Sunday, 4 April 2010

From Hero to Zero

When the sniper opened fire, Michael Clohessy reacted first and fastest. It was the summer of 2004, and the 26-year-old private from Walton in Liverpool was serving with the 1st Battalion the 22nd (Cheshire) Regiment in Basra. In the clipped assessment of one officer, he was “a cracking soldier, super-fit, bags of potential, and very mature”.

Indeed, during the battalion’s deployment at Basra’s Old State Building, when the British Army were engaged regularly by insurgents, Clohessy had more than proved his worth.

So, when a sniper started taking pot shots at a joint British Army and Iraqi police patrol on a patch of wasteland, Clohessy knew what to do. He shouldered an injured Iraqi policeman and took him to safety behind a nearby wall, before pushing two of his colleagues, who had momentarily frozen as bullets thudded around them, out of harm’s way. He then moved into the open ground and returned fire on the enemy with his machine gun. “I don’t know whether I hit him or not, but I pretty much took down the building with him in it,” he remembers. Either way, the sniper was silenced.

Nine months later, Clohessy stood before a judge at Liverpool crown court, on trial for grievous bodily harm with intent and affray. He had just begun his second tour of Iraq when he was pulled home to appear in the dock. The court heard that Clohessy had committed a violent assault outside the Barlow Arms pub in Walton, in Liverpool, on December 31, 2003, at a New Year’s Eve party that had gone haywire. His victim, William Littlemore, suffered a fractured skull and permanently impaired vision as a result of the attack.

During the proceedings, the court also heard about Clohessy’s valour. He was, said his barrister, a hero who had “saved the lives of two young soldiers and also an Iraqi policeman” in a display of great courage. Nevertheless, the soldier was found guilty and sentenced to six years in prison. The judge took one year off his term on account of his service. He spent three years “rotting in a bastard cell” before being released in 2008.

Clohessy has since returned to the streets of Walton where he grew up. When we meet, he is unemployed, psychiatrically unstable and bitter. Physically, he does not betray symptoms of breakdown — he is fit and tanned, with close-cropped hair, large ears and a flashy smile. But he drinks heavily. During our interview, he downs vodka with a friend before noon. His mother, who now sees him rarely, thinks he is also using cocaine.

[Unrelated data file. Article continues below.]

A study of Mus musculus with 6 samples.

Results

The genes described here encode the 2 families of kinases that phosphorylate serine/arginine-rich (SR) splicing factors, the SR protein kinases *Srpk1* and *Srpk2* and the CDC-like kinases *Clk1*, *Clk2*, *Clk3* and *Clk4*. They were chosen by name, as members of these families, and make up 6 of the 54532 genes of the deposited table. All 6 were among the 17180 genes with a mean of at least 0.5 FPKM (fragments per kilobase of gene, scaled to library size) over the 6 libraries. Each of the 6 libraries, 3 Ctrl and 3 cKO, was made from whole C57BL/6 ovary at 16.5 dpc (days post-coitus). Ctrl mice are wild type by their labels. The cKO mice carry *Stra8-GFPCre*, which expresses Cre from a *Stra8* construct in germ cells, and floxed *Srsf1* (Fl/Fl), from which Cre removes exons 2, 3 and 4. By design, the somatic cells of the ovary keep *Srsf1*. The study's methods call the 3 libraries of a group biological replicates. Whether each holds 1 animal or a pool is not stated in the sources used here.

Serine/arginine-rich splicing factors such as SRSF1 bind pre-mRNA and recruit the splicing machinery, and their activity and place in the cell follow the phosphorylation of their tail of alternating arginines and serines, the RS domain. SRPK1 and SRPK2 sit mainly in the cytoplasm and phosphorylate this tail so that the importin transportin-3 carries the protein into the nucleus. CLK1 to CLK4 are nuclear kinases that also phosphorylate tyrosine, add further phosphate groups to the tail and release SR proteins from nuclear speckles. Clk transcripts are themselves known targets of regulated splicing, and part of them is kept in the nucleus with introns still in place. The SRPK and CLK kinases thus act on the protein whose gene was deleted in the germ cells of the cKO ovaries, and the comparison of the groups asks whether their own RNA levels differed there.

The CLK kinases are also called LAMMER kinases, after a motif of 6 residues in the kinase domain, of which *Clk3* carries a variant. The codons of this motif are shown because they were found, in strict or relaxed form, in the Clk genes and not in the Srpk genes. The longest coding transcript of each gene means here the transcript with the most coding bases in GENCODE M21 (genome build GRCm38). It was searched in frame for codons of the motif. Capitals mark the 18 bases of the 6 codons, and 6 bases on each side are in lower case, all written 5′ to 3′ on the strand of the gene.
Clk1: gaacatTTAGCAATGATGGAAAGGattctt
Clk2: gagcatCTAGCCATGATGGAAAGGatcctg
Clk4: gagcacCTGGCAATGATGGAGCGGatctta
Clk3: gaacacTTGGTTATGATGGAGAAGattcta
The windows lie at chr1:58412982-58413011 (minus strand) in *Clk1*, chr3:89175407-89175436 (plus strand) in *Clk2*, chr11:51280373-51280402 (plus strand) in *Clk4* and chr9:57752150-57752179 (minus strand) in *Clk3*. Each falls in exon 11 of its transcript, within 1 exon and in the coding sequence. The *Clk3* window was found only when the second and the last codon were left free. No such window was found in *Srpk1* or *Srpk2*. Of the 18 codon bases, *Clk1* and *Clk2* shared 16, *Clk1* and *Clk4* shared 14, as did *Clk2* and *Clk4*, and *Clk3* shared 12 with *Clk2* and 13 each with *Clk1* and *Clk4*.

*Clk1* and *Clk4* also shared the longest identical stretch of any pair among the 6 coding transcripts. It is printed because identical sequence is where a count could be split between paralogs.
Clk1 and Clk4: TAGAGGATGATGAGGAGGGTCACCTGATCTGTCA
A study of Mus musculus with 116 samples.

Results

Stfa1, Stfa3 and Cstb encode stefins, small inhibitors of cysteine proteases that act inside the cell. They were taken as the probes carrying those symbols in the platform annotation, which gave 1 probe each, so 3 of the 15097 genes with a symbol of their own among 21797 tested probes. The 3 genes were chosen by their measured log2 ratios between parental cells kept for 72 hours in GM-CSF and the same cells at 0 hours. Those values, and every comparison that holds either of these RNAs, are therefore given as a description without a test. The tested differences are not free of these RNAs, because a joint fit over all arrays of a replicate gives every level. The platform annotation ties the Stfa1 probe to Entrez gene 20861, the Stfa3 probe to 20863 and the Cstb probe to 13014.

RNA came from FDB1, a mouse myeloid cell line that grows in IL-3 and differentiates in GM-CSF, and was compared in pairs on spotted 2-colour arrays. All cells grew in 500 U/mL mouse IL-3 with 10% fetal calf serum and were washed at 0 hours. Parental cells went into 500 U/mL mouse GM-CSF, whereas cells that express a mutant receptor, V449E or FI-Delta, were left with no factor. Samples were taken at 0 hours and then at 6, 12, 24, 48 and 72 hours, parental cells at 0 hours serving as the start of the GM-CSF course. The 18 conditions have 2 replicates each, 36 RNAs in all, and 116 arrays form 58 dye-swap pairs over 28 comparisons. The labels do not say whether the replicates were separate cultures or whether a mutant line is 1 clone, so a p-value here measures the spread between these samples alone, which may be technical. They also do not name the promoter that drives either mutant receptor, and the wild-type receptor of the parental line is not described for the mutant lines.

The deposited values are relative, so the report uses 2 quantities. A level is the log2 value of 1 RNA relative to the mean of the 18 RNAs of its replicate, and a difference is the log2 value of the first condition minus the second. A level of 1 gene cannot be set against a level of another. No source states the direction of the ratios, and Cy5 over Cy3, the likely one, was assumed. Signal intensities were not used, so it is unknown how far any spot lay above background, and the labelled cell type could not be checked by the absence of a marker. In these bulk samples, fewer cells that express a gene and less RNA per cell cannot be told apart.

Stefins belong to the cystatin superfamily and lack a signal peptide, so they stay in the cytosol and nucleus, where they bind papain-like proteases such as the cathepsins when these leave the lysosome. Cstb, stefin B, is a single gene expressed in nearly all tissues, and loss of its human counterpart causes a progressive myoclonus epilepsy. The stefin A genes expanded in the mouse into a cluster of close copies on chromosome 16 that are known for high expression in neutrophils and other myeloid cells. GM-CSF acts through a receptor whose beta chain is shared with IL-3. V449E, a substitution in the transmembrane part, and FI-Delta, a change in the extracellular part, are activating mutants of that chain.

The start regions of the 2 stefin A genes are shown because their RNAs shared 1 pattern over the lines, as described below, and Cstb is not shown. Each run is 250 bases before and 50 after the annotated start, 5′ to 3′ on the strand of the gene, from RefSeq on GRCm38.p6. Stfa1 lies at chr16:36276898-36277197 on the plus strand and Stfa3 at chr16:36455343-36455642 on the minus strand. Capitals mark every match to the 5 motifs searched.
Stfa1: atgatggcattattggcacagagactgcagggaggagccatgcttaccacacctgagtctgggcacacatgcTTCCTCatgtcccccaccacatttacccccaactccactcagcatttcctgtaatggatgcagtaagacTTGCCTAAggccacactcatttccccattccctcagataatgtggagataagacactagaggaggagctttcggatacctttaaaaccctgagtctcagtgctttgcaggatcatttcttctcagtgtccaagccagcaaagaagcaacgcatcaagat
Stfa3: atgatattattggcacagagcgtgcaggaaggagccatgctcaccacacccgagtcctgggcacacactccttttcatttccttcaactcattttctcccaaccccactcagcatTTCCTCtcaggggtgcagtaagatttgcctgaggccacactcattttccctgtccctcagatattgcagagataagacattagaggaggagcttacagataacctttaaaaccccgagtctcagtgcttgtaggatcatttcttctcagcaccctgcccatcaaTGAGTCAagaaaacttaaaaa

When Clohessy speaks, he does so in rapid-fire bursts, before losing concentration. The tour of Basra with the Cheshire regiment was, he says, the only time in his life when he felt a true sense of purpose. But when he closes his eyes he can still picture dead Iraqis. He can still smell the cordite from expended rounds. He remembers being particularly shaken when he was assigned to collect the body of Gordon Gentle, a 19-year-old Royal Highland Fusilier, whose Snatch Land Rover was hit by a roadside bomb in Basra. An official inquest would later say that Gentle’s death was avoidable — the army had failed to install an electronic countermeasure against IEDs called element B onto his vehicle, which might have saved his life — and his mother, Rose Gentle, is now one of Britain’s most vocal anti-war activists. Clohessy remembers kicking her son’s boot as he lay in the hospital, and battling with the reality of what he was witnessing. “Jock was alive this morning,” he says. “Now he’s dead. I thought, ‘What the f*** is going on here?’”

Clohessy tells me he is prone to fits of guilt and depression that started in prison, when he was locked up with nothing to do but “go over and over in my head about the war”, and which continue to this day. Four years ago, after a series of violent incidents and flashbacks, he was diagnosed with post-traumatic stress disorder (PTSD) by a doctor who visited him in prison. Sometimes his rage becomes so intense that he shuts himself in his house and refuses to see anyone for days. Meanwhile, he struggles to maintain relationships, including his relation-ship with the mother of his six-year-old son. This is unsurprising: Clohessy sleeps with a sword under his pillow.

We send too many ex-servicemen to prison. How many, nobody is sure. A recent study by the National Association of Probation Officers (Napo) estimated that there may be as many as 8,500 ex-servicemen in prison out of a total prison population of 92,000. Harry Fletcher, assistant general secretary of the organisation, believes that around 8% of Britons in jail are from the forces. The vast majority of these offenders are from the army, and a large majority of the ex-army are from the infantry. But other groups have taken issue with Napo’s findings. The Ministry of Justice and the Ministry of Defence conducted their own survey, which they published in January, concluding that only 3% of the prison population were former members of the military — around 2,500 veterans in total.

Who to believe? Fletcher brought attention to the issue after hearing anecdotal evidence about the problem. He conducted his own inquiries via email with probation officers. On the basis of his calculations (supported by the fact that America’s ex-service prison population is around 9%), Fletcher believes the government has underplayed the numbers.

Certainly, the issue was striking enough for the Howard League for Penal Reform to begin an inquiry. “We began on the basis of the Napo figure, which has now been cast into doubt,” says Andrew Neilson, of the Howard League. “But

I suspect the truth is that the figure is somewhere between 3% and 8%. And that still makes servicemen by far the largest occupational group in prison. That is well worth investigating.”